State’s Fish Fund battle takes an interesting turn
Springfield — The ongoing effort to establish a dedicated fund that would protect the state’s fisheries program appears to have taken a nasty turn.
Retired DNR fisheries chief Mike Conlin publicly called out DNR Director Marc Miller this month, emailing a statement to members of the media comparing DNR to the embattled Federal Health Care Plan.
“If you think that the leadership of DNR Director Marc Miller is providing good insurance that your fish, wildlife, and conservation heritage is being properly managed, think again,” Conlin wrote. “Like Obama-Care, Miller-Care says, ‘trust me, my desk bound leadership team [consisting of a director, three deputy directors, two director assistants, and a plethora of office directors] is good, not only for fish and wildlife, but for those who pay the insurance premiums [hunting and fishing license fees] as well.”
Conlin, who has been a vocal critic of DNR, spent the past two years pushing for legislation that would prevent revenue from fishing license sales and funds from the federal Sport Fish Restoration Program from being diverted to other departments inside of DNR.
Mostly re-buffed by DNR officials, Conlin – along with J.R. Black of the Northern Illinois Anglers Association – took some solace last year when an “Illinois Fisheries Management Fund” was tucked inside of Senate Bill 1566, also known as the DNR Sustainability bill.
After SB 1566 passed and was signed into law, Conlin noted that the law stopped well short of his proposal for a fisheries fund.
“I’m glad that it passed,” Conlin said. “There is mention of a Fisheries Management Fund in the bill, but it’s not exactly what we wanted.”
Miller had opposed Conlin’s “Fish Fund” idea, as it would prevent the DNR from using money generated by fisheries elsewhere. The new law did include changes and increases to some fishing license fees, and an estimated $1.5 million coming to the fisheries department via revenue from fees paid for vehicle titles.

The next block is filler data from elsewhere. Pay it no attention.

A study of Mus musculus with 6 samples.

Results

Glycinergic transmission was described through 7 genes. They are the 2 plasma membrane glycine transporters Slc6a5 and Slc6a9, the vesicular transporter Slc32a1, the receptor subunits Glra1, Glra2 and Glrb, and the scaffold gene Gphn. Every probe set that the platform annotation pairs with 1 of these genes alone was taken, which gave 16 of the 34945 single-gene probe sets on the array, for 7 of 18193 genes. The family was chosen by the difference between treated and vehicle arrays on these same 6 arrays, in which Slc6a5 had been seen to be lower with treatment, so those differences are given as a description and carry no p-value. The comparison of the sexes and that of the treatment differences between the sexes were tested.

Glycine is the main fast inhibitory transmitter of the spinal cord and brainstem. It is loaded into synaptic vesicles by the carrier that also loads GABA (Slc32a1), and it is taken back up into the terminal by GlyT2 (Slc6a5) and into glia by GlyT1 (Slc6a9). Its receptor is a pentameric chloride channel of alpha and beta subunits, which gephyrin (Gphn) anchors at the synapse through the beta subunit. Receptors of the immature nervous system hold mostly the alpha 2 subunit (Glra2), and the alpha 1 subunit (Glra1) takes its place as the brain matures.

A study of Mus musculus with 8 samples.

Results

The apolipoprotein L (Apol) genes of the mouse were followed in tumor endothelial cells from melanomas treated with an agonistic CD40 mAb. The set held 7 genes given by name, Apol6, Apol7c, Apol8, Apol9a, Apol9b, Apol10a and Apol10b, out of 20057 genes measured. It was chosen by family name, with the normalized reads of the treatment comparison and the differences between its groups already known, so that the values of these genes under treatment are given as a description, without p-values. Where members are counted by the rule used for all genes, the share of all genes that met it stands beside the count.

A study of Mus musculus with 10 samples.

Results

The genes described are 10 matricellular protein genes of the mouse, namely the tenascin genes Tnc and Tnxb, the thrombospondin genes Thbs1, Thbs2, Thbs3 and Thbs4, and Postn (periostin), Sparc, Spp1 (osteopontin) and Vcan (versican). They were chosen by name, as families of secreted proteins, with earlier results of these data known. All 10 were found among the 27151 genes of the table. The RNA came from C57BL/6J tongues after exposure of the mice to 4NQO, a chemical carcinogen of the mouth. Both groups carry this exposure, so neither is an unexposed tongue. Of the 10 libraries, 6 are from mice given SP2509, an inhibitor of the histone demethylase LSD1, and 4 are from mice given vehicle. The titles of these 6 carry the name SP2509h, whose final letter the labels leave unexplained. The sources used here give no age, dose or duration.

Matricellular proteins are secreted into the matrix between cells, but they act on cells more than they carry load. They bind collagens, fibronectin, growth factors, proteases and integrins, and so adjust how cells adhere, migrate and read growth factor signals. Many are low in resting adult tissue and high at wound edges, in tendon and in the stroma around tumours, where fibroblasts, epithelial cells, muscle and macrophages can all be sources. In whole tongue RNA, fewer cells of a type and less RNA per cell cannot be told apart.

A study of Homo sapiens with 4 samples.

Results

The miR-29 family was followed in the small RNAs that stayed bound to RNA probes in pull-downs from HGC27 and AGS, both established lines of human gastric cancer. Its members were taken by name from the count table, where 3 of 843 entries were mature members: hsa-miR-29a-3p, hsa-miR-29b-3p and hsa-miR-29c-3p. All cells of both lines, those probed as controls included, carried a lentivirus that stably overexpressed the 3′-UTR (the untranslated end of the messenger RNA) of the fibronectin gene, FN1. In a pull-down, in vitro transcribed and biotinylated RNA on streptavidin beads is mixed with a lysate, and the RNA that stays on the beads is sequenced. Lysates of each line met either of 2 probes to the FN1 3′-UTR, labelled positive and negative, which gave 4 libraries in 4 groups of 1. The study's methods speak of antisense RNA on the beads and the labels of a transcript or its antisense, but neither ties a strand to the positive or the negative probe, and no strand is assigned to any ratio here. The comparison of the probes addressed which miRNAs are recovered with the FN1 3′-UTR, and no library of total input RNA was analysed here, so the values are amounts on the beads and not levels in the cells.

In his statement e-mailed on Dec. 2, Conlin pushed for support of House Bill 738, which he said would “cripple DNR’s ability to play ‘hide the weenie’ with license dollars with new requirements and stipulations that would mandate accountability.”
Miller could not be reached for comment on Conlin’s letter.
HB 738 was introduced in late January by Speaker of the House Michale Madigan, D-Chicago. An amendment was filed April 12 by Rep. Kathleen Cloonen, D-Kankakee, that included a proposal calling for all “fees and revenues from commercial fishing licenses, sportfishing licenses, inland trout stamps, reimbursements from sport fish restoration grants and Asian carp and aquatic invasive species grants and other grants from the federal government, fines collected for fish kills and violations of the Fish and Aquatic Life Code, stamps issued for fish habitat, management, or angling events shall be deposited into the Illinois Fisheries Management Fund, a special fund created in the State Treasury to be used for the operation of the Division of Fisheries within the Department.”
The bill was sent to the Rules Committee on April 19 and did not resurface in either the spring or fall legislative sessions.